Monitor Lithium-Related Renal, Thyroid Dysfunction in Bipolar Disorder

June 3, 2015
Jeannette Y. Wick, RPh, MBA, FASCP

Lithium remains a treatment of choice for bipolar disorder, as it is very effective in stabilizing mood and reducing suicide risk. However, its use is associated with adverse renal and thyroid effects.

Lithium remains a treatment of choice for bipolar disorder, as it is very effective in stabilizing mood and reducing suicide risk. However, its use is associated with adverse renal and thyroid effects.

A team of investigators recently reviewed lithium’s long-term effects on kidney and endocrine systems. With more than 50 years’ experience with lithium treatment, this team looked to explain the risks more clearly.

The investigators retrospectively analyzed adult patients who had at least 2 creatinine, thyrotropin, calcium, glycated hemoglobin, or lithium measurements taken between Oct 1, 1982, and March 31, 2014, and then compared them to similar control subjects with no lithium laboratory measurements on file.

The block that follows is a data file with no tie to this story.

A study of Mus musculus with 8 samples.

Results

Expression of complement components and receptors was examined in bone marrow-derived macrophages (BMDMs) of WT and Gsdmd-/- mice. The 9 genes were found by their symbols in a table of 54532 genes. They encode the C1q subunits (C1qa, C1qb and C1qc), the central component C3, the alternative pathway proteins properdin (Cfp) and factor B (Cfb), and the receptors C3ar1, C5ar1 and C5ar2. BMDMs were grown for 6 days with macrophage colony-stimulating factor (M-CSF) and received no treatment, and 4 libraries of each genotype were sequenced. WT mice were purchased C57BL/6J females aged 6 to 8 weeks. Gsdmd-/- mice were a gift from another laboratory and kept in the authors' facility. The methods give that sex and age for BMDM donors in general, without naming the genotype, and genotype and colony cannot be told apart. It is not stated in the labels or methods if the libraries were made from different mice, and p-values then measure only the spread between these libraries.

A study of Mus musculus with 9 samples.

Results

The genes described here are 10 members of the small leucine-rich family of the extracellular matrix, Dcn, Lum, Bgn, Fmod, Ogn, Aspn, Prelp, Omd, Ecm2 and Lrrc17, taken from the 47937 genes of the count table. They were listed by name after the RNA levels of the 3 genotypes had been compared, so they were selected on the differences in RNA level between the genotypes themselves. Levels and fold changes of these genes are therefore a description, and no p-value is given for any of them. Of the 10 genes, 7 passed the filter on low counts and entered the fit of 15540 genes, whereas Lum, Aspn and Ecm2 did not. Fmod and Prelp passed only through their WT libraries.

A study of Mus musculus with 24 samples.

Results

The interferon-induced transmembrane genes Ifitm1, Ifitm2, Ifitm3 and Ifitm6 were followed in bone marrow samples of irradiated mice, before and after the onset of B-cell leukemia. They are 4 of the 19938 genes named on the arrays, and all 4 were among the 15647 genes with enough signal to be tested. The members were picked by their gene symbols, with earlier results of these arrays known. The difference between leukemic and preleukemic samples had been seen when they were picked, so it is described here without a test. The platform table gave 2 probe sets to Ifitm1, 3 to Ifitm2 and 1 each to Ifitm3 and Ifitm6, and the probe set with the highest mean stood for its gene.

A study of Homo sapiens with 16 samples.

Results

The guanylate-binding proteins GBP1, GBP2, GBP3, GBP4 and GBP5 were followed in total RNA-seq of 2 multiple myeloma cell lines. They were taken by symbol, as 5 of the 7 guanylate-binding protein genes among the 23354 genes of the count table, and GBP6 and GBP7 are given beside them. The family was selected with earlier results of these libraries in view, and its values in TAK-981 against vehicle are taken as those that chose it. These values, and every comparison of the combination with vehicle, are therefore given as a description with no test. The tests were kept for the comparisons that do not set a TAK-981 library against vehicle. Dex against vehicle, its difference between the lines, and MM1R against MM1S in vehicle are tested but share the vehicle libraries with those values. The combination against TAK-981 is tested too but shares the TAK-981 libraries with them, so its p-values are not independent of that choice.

They found patients who received lithium were significantly more likely to experience reduced renal function and hypothyroidism than matched controls. The risk of stage 3 chronic kidney disease (CKD) was almost double in lithium-treated patients, and the risk of hypothyroidism was more than double.

Lithium-treated patients also tended to have elevated total calcium concentrations—a marker of parathyroid function—but this association was weaker than the relationships seen for CKD and hypothyroidism.

Women aged younger than 60 years were at greater risk for developing renal and thyroid disorders, though all women had higher risk than men.

Higher than median serum lithium concentrations were associated with increased risk for all long-term complications from lithium use, but this finding was tempered by the fact that those treated the longest had reduced risk. This suggests that when adverse renal and endocrine effects occur, they appear early.

The authors encouraged clinicians to take baseline measures of renal, thyroid, and parathyroid function and monitor these laboratory values routinely and chronically in patients receiving lithium.